Some Beer History

Our brewmaster Rob Mullin researched colonial brewing and the history of pumpkin beers many years ago. He received this very informative reply from Bly Straube, the curator at Jamestown Rediscovery. Cheers!

As early as 1609, the Virginia Company of London is advertising for brewers to go to Virginia. In 1623, they recommend that all new colonists bring a supply of malt so they can brew their own beer “thus making it unnecessary to drink the water of Virginia until the body had become hardened to the climate.” The general consensus held by many at the time was that one of the principal causes of the high mortality rate was that the colonists had no beer to drink. Instead they had to consume water which was often filthy and brackish. Back home in England, the colonists were not accustomed to drinking water. The principal drink was ale or beer, which was consumed by men, women, and children at all times of the day. The children would drink “small beer” which was not as strong. John Smith, writing in 1629, says that the Jamestown colonists “have two brew-houses, but they finde the Indian corne so much better than ours, they beginne to leave sowing it.” In their words, the Jamestown colonists found that corn made a better beer than the wheat they were bringing from England. For drinke, some malt the Indian corne, others barley, of which they make good Ale, both strong and small, and such plentie thereof few of the upper Planters drinke any water: but the better sort are well furnished with Sacke, Aquavitae, and good English Beere (John Smith 1625). A lot of the colonists were brewing their own beer, which led to the consumption of large quantities of corn that were needed for foodstuffs. In 1620/21 a law was passed that no private person should “brewe anie beere or ale.” The beer/ale was to be produced by the Common Brewer.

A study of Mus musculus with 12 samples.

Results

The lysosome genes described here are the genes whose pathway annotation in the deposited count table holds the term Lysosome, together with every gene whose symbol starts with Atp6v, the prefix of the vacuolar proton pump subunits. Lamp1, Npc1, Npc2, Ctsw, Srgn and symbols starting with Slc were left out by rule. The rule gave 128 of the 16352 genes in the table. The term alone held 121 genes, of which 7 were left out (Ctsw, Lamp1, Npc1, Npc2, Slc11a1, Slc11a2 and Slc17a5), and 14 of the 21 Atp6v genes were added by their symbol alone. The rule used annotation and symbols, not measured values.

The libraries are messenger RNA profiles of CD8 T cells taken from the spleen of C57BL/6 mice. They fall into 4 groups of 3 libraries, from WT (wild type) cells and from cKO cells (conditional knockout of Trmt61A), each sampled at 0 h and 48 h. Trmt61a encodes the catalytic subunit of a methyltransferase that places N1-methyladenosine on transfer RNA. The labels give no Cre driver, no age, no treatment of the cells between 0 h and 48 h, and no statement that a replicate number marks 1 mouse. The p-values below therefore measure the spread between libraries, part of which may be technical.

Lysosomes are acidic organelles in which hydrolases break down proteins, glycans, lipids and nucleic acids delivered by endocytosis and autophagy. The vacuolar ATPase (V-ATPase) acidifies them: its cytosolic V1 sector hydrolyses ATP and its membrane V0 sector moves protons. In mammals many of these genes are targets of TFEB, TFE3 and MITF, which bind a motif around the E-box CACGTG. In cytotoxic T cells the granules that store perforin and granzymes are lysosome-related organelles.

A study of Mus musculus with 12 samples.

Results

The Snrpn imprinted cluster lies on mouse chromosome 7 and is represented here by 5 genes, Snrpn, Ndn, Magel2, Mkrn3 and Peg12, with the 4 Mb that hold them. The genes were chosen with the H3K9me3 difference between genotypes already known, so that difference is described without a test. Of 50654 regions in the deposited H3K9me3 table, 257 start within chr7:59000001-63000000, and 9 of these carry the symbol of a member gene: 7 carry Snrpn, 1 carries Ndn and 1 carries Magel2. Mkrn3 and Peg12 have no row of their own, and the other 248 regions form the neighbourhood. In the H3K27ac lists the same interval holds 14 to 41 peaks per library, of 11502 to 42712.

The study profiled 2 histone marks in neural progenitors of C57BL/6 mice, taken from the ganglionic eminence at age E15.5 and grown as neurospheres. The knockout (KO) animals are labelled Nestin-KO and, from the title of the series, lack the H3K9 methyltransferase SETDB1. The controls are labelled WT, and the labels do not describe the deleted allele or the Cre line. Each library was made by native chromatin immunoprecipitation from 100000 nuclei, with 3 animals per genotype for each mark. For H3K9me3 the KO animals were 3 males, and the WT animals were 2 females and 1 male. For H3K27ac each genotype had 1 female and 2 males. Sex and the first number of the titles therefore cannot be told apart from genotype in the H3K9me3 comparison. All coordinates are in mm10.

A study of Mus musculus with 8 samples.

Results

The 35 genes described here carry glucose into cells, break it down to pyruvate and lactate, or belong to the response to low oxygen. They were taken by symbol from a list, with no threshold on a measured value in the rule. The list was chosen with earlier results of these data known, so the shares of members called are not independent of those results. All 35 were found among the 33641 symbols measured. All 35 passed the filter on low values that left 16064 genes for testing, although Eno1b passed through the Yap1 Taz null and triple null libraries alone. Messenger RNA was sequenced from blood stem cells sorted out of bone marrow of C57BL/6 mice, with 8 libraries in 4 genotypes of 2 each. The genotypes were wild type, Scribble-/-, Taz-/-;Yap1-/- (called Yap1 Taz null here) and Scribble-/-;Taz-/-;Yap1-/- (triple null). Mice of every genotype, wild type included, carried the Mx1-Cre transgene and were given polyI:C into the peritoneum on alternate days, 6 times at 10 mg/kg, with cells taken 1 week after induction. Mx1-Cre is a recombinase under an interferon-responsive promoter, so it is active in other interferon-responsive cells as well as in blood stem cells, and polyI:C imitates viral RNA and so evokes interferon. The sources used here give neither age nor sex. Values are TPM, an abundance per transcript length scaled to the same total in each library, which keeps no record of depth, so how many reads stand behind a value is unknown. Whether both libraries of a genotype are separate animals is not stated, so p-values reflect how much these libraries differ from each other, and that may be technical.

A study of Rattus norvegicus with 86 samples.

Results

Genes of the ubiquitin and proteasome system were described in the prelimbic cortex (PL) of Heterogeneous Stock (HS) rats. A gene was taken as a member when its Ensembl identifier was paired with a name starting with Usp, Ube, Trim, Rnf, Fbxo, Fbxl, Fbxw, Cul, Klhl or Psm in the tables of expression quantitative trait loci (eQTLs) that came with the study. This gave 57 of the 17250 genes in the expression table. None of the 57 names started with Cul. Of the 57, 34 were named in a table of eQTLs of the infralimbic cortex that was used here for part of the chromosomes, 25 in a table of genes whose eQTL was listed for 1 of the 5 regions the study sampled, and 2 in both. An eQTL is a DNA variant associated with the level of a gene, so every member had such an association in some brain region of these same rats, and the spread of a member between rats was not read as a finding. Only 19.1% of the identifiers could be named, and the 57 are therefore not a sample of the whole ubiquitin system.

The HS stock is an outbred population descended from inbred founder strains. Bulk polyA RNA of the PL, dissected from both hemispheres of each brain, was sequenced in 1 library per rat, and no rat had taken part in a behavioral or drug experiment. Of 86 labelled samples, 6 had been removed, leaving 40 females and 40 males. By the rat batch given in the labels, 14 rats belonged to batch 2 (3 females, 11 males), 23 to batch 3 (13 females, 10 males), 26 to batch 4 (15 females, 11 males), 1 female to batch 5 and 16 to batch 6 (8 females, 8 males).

The value of beer appears to have increased through the 17th century in Virginia. In 1639 it commanded 12 pence a gallon and in 1671 it was worth twice as much at 2 shillings a gallon. According to Virginian Robert Beverly, writing in the early 18th century, the poorest class of people had many substitutions for the expensive malt. They used dried Indian corn, green corn stalks, bran, molasses, persimmons, potatoes, pumpkins, etc.

Structure 110 on Jamestown Island has 3 brick fireboxes and is believed to have been a brewhouse. According to the achaeologist who did the work in the 1950s, John Cotter, the artifacts date the structure to ca.1630-50.